April 20, 2018

Mexican IVLP Alumna is a Shining Star

“We were like astronauts travelling through space and time with one single goal: science and technology education in the United States,” Mexican exchange alumna Miriam Carrillo Barragan said about her 2015 International Visitor Leadership Program (IVLP) exchange to the United States. Miriam, the Science Curator at the Universum Science Museum in Mexico City, not only learned about science and technology education during her three-week exchange to the United States but also left with a renewed focus on increasing the participation of women and girls in science, technology, engineering, and mathematics (STEM) in Mexico.

As she visited Washington, D.C.; Cincinnati, Ohio; Philadelphia, Pennsylvania; Albuquerque, New Mexico; and Orlando, Florida, Miriam networked with American experts in the STEM field and her fellow IVLP participants from 13 countries. When she returned to Mexico, she gave virtual presentations to their networks about physics, space exploration, and women’s participation in math and science. These collaborations expanded knowledge of STEM and promoted cross-cultural understanding.


As part of the Women beyond Space program of the Mexican Space Agency, Miriam serves as a role model for girls interested in science and technology. With the agency, she facilitates a simulated space mission that has reached more than 800 elementary and junior high girls across Mexico. The simulation is an idea she picked up from science and technology teachers during her IVLP in the United States.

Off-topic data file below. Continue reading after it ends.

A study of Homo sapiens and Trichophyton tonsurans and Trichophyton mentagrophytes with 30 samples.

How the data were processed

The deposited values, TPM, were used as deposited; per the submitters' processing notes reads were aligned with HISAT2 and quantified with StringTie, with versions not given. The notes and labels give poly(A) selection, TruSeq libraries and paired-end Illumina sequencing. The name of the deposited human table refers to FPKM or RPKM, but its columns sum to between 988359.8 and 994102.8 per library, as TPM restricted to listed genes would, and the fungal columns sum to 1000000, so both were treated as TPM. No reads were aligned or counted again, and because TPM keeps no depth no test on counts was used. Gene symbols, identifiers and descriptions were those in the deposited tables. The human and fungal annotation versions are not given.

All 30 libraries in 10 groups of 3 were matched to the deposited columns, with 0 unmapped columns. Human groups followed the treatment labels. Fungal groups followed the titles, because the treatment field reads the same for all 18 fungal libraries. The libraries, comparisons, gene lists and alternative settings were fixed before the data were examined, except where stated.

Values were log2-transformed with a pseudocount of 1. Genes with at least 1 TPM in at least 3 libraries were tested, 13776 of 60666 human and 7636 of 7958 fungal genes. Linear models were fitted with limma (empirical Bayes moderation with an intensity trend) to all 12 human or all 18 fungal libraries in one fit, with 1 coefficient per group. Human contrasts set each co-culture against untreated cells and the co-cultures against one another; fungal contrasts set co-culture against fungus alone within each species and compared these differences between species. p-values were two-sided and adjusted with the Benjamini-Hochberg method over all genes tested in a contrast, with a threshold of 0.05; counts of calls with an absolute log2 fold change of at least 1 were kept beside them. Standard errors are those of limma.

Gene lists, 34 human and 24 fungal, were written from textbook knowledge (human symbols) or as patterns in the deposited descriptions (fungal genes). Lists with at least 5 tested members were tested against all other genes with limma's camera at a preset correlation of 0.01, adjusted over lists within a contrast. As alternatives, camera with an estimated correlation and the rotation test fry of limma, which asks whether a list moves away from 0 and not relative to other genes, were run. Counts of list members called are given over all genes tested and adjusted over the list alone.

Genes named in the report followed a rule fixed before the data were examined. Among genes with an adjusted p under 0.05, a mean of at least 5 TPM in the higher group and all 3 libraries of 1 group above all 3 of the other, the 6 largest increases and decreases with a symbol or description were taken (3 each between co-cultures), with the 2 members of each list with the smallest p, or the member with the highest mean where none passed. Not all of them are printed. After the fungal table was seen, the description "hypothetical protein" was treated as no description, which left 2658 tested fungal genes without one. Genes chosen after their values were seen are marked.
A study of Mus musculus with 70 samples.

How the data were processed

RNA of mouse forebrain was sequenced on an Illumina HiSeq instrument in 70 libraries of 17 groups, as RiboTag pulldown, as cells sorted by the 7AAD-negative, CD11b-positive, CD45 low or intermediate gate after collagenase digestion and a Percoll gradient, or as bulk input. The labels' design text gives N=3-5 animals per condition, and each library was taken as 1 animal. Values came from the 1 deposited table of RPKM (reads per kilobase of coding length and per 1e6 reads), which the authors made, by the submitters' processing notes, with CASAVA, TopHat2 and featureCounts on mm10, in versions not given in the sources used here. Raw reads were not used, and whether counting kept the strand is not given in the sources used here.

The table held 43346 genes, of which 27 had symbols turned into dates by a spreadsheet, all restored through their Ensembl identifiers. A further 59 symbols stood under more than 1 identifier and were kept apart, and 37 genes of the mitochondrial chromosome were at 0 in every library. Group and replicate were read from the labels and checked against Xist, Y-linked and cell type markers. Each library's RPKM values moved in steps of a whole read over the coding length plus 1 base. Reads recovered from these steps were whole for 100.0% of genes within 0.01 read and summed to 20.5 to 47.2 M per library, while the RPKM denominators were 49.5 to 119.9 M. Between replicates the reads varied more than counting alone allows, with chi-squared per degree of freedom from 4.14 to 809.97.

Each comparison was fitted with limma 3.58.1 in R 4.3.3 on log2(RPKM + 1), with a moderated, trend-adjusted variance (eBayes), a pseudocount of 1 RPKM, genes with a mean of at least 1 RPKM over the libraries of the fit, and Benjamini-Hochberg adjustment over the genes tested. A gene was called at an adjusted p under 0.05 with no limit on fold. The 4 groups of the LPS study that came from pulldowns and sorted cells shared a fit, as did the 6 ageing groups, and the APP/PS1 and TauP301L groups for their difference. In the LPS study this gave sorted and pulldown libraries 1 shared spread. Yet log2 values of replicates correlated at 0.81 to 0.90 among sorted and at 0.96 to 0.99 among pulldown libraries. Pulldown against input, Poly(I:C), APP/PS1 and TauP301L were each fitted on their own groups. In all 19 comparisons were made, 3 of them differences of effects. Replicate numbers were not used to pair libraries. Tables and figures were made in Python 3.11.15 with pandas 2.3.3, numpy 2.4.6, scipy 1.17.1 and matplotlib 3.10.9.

Miriam also lends her expertise to other public engagements and initiatives.  She discussed the August 2017 solar eclipse on live TV and served as the key speaker at the Mexican Space Agency for International Women’s Day in 2018.

For the past three years, Miriam has worked closely with the U.S. Embassy in Mexico on multiple initiatives, including a summer STEM camp for youth from marginalized communities in Mexico City. She has delivered presentations at schools and universities and inspired a new generation of Mexican youth to pursue careers in STEM. One student she spoke to said that he plans to study physics in college with the ultimate goal of working for NASA. Miriam is an active member of the Mexican Alumni Association, and in addition to her work in STEM, she has organized events focused on entrepreneurship and human rights.

“IVLP changed my life and opened a new window of knowledge and gave me new great friends.”

Each month, the Bureau of Educational and Cultural Affairs’ (ECA) Office of Alumni Affairs recognizes one outstanding alumnus or alumna.  The International Exchange Alumni community looks forward to seeing what Miriam will do next, and congratulates her on being named the April 2018 Exchange Alumni Member of the Month!